President Barack Obama declared 105 of the 187 acres of Cesar Chavez’s union headquarters a National Monument this Columbus Day under 1906’s Antiquities Act. Last year the president named a cargo ship after the organizer who had spent two miserable years in the Navy. The body of the United Farm Workers (UFW) leader rests at the newly nationalized Keene, California compound.
“César Chávez gave a voice to poor and disenfranchised workers everywhere,” President Obama said at Monday’s dedication ceremony. “La Paz was at the center of some of the most significant civil rights moments in our nation’s history, and by designating it a national monument, Chávez’s legacy will be preserved and shared to inspire generations to come.”
Like the president who praises him, Chavez traces his activism ancestry to the Saul Alinsky family tree. And like the Chicago neighborhoods that Obama organized, the unskilled farm workers that Chavez unionized aren’t much better off today than when the organizer first encountered them. The “Si, se puede” rallying cry isn’t the pair’s only common denominator.
The views of the two Alinskyite organizers diverge as much as they converge. As Chavez has moved from man to icon, substance has yielded to symbolism. The parts of the organizer’s outlook that inconvenience his present-day admirers have been left in the past. In Cesar Chavez the monument, we lose Cesar Chavez the man.
The real Chavez regarded illegal aliens as strikebreakers who drove down the wages of American workers. He found the emergence of “brown power” groups problematic. “That’s why today we oppose some of this La Raza business so much,” Chavez explained to his biographer Jacques Levy. “We know what it does. When La Raza means or implies racism, we don’t support it. But if it means our struggle, our dignity, or our cultural roots, then we’re for it. I guess many times people don’t know what they mean by La Raza, but we can’t be against racism on the one hand and for it on the other.”
In pandering for votes, Obama played up Chavez’s role as a union leader and as an icon for Hispanic Americans. The Los Angeles Times, for instance, reported: “Though White House officials said it was a process long in the making, the formal dedication came as Obama’s campaign shifts toward a more intensive get-out-the-vote phase of its operation, one that includes a major focus on the Latino vote and will be augmented by labor muscle.”
But Chavez’s faith, more than his ethnicity or his labor affiliations, informed his activism. Inspired by Christ’s example, Chavez became famous through fasting (and through boycotts of grapes). He held religious masses at the California state capitol in Sacramento. He even once used his union connections to keep a plane grounded so that he could make his flight to see the pope. Chavez told his biographer in the mid 1970s that “my need for religion has deepened. Today I don’t think that I could base my will to struggle on cold economics or on some political doctrine. I don’t think there would be enough to sustain me. For me the base must be faith.”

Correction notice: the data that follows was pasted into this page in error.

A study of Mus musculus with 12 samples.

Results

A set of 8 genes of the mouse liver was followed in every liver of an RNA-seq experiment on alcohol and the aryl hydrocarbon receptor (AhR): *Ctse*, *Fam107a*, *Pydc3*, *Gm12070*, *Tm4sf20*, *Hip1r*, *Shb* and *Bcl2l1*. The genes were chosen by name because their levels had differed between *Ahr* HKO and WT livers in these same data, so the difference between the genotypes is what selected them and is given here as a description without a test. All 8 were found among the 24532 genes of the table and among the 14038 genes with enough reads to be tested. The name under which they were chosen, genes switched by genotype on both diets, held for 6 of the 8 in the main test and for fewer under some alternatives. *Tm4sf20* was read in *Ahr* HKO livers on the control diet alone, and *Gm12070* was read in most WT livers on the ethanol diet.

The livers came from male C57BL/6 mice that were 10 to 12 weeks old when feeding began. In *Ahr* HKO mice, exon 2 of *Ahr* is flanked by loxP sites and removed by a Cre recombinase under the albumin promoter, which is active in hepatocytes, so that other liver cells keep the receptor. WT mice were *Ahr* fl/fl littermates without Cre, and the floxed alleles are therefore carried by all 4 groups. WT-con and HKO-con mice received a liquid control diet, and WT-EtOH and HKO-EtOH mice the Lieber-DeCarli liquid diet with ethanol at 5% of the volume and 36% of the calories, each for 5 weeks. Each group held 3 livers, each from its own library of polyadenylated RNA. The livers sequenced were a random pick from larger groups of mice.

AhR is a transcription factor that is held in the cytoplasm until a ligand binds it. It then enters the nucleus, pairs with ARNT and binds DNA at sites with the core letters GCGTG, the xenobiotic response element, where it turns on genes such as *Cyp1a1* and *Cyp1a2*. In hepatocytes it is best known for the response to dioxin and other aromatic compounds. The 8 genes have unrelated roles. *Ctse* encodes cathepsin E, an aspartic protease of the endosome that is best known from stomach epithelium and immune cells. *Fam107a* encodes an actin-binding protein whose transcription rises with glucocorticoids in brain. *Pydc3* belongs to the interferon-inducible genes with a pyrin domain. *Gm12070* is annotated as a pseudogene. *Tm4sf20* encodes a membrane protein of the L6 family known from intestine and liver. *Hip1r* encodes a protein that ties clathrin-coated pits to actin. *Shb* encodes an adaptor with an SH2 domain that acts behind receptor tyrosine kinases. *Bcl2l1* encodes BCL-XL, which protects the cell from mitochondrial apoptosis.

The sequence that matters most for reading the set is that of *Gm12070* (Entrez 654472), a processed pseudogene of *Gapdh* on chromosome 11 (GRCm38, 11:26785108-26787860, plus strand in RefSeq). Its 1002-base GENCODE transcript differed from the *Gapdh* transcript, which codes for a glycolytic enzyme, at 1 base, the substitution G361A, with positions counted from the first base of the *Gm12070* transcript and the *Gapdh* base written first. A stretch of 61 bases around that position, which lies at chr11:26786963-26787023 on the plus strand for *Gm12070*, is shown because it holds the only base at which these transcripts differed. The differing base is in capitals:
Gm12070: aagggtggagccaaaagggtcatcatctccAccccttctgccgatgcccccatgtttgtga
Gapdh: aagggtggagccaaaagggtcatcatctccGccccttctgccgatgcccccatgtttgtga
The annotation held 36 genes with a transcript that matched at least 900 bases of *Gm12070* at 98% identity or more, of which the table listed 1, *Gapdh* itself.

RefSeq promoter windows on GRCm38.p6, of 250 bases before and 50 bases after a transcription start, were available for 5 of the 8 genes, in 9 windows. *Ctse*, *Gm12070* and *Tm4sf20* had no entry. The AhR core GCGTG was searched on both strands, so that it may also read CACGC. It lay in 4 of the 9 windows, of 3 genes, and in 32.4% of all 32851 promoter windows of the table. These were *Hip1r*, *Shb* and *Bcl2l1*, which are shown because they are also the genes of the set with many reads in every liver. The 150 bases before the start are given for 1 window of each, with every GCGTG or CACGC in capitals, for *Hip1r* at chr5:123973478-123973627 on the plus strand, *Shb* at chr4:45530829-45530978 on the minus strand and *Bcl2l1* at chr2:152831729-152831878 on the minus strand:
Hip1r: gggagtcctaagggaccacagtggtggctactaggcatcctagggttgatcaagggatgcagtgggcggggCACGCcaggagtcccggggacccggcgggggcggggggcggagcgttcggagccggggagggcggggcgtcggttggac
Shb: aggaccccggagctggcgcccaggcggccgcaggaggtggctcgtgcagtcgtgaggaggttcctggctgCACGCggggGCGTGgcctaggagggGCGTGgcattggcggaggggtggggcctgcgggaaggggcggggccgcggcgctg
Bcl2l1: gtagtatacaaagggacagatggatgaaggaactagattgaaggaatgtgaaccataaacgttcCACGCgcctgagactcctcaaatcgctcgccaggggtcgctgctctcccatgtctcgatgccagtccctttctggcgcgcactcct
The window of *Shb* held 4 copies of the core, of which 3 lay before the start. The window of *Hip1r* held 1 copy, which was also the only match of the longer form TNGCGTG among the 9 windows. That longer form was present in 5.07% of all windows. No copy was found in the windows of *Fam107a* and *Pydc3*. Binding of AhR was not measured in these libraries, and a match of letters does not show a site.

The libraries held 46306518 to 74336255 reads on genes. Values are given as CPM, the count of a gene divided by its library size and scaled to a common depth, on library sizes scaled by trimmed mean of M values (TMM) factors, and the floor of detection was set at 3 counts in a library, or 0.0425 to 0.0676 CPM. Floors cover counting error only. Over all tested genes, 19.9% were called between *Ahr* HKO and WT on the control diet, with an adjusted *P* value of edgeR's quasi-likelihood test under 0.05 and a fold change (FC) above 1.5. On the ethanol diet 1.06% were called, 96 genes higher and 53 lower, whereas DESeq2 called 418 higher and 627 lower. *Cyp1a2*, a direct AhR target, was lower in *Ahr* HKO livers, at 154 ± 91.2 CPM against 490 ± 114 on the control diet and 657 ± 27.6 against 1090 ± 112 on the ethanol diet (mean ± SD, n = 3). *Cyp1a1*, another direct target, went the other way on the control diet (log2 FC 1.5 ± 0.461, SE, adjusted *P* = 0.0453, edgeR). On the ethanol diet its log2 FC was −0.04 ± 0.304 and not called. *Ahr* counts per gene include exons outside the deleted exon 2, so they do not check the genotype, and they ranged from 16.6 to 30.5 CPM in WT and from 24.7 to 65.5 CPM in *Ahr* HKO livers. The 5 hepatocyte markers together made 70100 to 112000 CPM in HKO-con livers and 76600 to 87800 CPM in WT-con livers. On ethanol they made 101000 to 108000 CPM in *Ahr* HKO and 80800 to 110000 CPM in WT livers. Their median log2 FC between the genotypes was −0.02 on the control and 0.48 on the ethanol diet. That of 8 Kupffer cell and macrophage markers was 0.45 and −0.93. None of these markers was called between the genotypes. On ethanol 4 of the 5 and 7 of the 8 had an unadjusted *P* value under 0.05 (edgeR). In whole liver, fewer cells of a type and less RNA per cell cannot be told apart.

Fittingly, UFW’s headquarters bears a religious name. The president referred to Chavez’s Central Valley sanctuary as “La Paz.” Its full name is Nuestra Señora Reina de La Paz—Our Lady Queen of Peace. In making a national monument of a religious retreat named in honor of Jesus’s mother, the president risks irritating one constituency as he courts another. Surely the American Civil Liberties Union can’t be thrilled with a mystical Catholic, and his outpost named for Mary, receiving official recognition from the U.S. government.
Alas, there is an election to win. Disrupting the president’s fragile coalition over principles normally fiercely fought for on matters as unobtrusive as nondenominational graduation prayers and Christmastime nativity scenes just won’t do when it comes to nationalizing a religious leader’s religious retreat named for a religious saint. Here, activists, normally incapable of looking the other way, mute their objections.
“Cesar feels that liberals are liberal right up to the steps of the Catholic church,” explained Dorothy Huerta, co-founder of the UFW, during Chavez’s ’70s heyday. “Guys can be liberal about homosexuality, about dope, about capital punishment, about everything but the Catholic church. There the liberalism ends.”